Here is how a ‘story’ comes into play
Last night, I was out with three of my closest friends. After a few drinks at some random pub, getting dinner on curry row, and hitting up a roof top party, we decided we needed to take the night to someplace a bit more low key.
We all agreed that we wanted it to be a wine bar. I decided to take them to The Immigrant.
Now, there are literaly HUNDREDS of wine bars in the city, many highly rated on Yelp. The Immigrant was not even within the vicinity of where we were and yet, that was still everyone’s place of choice.
Why? Because I had a story to tell them about this particular wine bar.
It wasn’t much. I just said “its this awesome wine bar, they have a reasonable selection, but its run by these two guys that run it like they OWN the place.
They really go out of their way to make sure you’re happy.” That story was enough for my friends to get back on the FDR and make the trek.
What does it mean for startups?
It means that having a character, a story, a personality is SO much more important that your idea, and your product.
It seems like there is SO much emphasis on these nitty gritty details about your business plan, term sheet, acquisition strategy, people are forgetting the single thing that will get people to use your product: A STORY.
I drive a BMW because I buy their story of a joyful driving experience. I use Twitpic over the million other photo sharing services because I think Noah Everett is a great guy and has a great story.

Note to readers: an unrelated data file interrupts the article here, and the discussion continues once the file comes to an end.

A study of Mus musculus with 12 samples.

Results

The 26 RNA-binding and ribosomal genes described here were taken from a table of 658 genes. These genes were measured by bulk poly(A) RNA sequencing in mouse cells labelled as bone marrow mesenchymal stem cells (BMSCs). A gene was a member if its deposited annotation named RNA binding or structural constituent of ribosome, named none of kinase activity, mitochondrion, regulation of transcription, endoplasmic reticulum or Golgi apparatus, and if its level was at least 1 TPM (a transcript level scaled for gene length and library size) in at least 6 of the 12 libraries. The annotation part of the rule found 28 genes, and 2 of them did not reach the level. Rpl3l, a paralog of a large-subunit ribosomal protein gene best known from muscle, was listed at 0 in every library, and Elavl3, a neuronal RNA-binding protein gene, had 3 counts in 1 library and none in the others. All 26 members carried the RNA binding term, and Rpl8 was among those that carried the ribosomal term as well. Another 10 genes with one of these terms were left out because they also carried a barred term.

I use 37Signals products because I buy their story that says simple tools can help you get shit done.
And finally, my friends all agreed to go to the Immigrant because they bought the story of choosing the place where the owner is serving you and REALLY taking care of you.
The moral of this story
Now the important thing is, just telling your story isn’t enough. You have to actually back it up. I wouldn’t keep using 37Signals if their tools weren’t actually simple.
And similarly, my friends wouldn’t have had a good time if they didn’t get the experience my story promised. A great story will attract people to your storefront, but a great product is what will make the sale.
As for The Immigrant, when Jason (who indeed turned out to be one of the owners) saw us trying to get in through the door in the crowded place, he ushered us in, and lead us to the back where there was plenty of room.
He shook my hand and said “its been a while!” and then proceeded to take care of my friends.
When we asked him about the crowd, he said “yeah, we’ve been open for two months and it’s starting to get real busy.”
That’s no surprise. That’s a great story and a great product in action right there.
The moral of this story? Its okay for you to create the 100th Twitter client or iPhone app of the same genre, just make sure you have a compelling story to tell. That is what people want the most.